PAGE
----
The Business Traveller
When checking in late, ask about room upgrades. These rooms may well be going empty anyway, and front-desk personnel are usually empowered to give them away. Ask nicely and look tired.
When you book a hotel, ask if any renovations are under way. You don't need early morning buzz saws if you're trying to sleep in or recover from jet lag.
If you're booked at one hotel in town but would prefer to stay somewhere else, walk in and negotiate: "I was going to stay across the street, but I would rather stay with you if you're willing to match the rate." Most managers will negatiate rather than let a room go unsold. And be sure to call the first hotel before cancellation fees kick in..
If you're unfamiliar with the hotels at your destination, opt for the newest one; chances are it will have the best infrastructure and the least passe decor.
Upgrade to business-floor rooms. The perks (such as free breakfast or cocktail hour, fax service, newspapers, waived phone fees) often outweigh the extra cost.
If you plan to do a lot of work in the room, travel with an extension cord or request one from the hotel (so the laptop will reach the desk or the bed, since outlets are often inconveniently located). As a last resort, rearrange the furniture.
Reserve a nonsmoking rental car; these are usually , the newer vehicles in the fleet.
Reconfirm your car so that the agency will know you are definitely coming and when you're due to arrive especially in popular family destinations.Go to the car-rental line in the baggage-claim area before picking up your luggage (if you've checked any), in case the agency is overbooked.
Use express return whenever possible, but only if there are no contract glitches and not a single scratch on the car. If you find a great cabdriver in a city you visit frequently, get his name and phone number, tip well, and cultivate your own car-service relationship.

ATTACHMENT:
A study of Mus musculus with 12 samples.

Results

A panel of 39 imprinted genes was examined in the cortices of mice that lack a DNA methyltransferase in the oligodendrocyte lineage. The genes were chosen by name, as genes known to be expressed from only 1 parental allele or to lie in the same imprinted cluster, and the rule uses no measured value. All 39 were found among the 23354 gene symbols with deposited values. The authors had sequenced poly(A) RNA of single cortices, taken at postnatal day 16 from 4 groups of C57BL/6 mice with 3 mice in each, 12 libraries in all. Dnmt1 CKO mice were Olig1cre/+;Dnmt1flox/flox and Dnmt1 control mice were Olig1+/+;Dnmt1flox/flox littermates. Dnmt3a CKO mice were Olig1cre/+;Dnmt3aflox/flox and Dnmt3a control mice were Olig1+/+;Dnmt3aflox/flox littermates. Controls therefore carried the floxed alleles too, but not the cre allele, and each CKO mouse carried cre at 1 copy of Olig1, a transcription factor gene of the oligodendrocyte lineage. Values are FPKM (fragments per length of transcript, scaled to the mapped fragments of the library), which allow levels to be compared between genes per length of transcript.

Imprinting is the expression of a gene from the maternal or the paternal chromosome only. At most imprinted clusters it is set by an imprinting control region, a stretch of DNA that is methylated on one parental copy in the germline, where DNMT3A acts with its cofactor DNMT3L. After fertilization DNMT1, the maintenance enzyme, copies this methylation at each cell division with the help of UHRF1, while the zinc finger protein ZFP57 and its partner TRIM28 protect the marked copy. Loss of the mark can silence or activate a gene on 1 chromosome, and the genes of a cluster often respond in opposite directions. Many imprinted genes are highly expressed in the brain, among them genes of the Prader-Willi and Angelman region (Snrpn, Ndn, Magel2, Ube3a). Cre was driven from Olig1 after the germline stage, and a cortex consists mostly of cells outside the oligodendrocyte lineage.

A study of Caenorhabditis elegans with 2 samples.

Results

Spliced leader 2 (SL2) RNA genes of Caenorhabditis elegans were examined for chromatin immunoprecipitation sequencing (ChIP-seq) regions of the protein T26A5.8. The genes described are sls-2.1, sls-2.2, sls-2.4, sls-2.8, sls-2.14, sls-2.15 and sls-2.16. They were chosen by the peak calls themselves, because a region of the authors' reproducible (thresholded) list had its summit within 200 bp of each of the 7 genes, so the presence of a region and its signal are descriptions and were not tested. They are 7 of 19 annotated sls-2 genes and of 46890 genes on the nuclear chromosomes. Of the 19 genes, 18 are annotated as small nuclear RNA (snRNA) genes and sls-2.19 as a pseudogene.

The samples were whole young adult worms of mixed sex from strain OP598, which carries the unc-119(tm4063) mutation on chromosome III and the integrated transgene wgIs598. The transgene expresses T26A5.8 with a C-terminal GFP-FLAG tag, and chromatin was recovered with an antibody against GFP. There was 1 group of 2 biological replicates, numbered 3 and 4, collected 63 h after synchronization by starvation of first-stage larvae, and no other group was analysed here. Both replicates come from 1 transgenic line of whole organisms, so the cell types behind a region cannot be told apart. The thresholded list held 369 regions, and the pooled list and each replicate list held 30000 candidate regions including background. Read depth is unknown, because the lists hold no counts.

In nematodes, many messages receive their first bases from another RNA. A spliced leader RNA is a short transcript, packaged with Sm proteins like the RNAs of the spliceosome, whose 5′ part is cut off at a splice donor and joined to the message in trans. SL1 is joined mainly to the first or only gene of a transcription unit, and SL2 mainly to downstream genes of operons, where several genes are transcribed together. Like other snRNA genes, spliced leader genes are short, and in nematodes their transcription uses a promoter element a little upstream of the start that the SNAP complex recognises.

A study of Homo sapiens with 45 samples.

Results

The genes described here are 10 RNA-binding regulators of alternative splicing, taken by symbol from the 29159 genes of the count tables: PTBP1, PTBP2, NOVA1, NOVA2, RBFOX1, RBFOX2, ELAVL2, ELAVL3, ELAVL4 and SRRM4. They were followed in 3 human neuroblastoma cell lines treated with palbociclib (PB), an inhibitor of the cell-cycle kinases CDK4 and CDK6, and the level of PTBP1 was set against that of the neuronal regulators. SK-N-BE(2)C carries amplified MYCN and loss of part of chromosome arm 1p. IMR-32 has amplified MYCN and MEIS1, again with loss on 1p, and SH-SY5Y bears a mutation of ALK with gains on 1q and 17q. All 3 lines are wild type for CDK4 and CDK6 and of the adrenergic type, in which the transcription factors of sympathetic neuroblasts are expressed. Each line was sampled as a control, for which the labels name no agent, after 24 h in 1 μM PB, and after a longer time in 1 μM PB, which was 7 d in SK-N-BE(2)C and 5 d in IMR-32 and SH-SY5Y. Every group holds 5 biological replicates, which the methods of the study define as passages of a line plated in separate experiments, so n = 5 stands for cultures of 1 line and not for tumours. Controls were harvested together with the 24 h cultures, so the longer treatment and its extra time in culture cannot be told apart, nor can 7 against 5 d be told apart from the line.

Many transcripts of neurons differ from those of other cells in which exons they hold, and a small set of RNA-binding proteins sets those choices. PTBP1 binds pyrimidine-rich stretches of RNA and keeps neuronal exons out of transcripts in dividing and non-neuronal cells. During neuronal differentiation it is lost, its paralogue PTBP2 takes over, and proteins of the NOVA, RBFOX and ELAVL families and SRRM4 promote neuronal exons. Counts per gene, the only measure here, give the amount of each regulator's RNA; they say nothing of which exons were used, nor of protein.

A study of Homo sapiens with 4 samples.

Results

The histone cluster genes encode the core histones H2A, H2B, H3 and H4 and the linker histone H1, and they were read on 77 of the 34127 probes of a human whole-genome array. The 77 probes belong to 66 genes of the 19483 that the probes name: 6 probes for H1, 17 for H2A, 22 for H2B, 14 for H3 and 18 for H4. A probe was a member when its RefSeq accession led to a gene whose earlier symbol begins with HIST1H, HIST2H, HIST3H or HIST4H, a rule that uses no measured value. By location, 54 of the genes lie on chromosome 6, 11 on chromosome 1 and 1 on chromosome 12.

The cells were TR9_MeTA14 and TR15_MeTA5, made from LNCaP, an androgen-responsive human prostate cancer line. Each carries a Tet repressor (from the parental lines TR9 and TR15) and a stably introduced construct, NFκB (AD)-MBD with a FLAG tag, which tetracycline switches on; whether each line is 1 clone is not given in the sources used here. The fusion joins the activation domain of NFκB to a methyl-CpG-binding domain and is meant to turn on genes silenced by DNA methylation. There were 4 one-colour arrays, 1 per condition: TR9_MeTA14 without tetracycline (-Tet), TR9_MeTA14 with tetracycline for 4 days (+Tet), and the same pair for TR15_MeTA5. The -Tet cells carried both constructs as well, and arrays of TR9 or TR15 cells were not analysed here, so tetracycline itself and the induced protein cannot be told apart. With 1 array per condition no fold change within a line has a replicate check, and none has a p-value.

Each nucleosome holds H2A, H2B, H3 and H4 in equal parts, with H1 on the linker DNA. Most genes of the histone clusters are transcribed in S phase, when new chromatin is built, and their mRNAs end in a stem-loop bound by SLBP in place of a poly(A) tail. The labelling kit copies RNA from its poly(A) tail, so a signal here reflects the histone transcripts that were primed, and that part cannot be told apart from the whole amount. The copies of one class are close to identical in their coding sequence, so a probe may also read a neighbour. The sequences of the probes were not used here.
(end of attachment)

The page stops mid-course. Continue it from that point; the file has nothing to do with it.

Carry a small travel humidifier so you won't wake up with hotel facedry, tight skin, like an involuntary face-lift.
Travel with your own tide-me-over food (such as granola bars): You never know when you'll be delayed in transit or stranded on a peanuts-only flight.
Drink about eight ounces of water per hour in flight, and bring a small bottle of water-you don't want to end up with stale airplane tap water when they run out of the bottled stuff.
Carry an in-flight travel kit: Tylenol PM, melatonin, herbal tea, earplugs, a toothbrush, an eye covering (hotel shoeshine cloths work well), a blow-up headrest, astringent and cotton balls, thick socks.
Stick to your regular diet. Just because room service offers eggs Benedict at the same price as a continental breakfast doesn't mean you have to eat them.
If you're traveling to an other time zone for just a day or two, sleep and take any medication on your home schedule.
If you have a few late afternoon or evening hours to kill, get out of your hotel room for a change of scenery. Ask the concierge about evening hours at local museums, botanical gardens, or driving ranges. Stay in touch with your family.Check the kids' homework via internet, and send notes and e-mail. Drop a card in the mail before you leave home so it'll arrive while you're gone.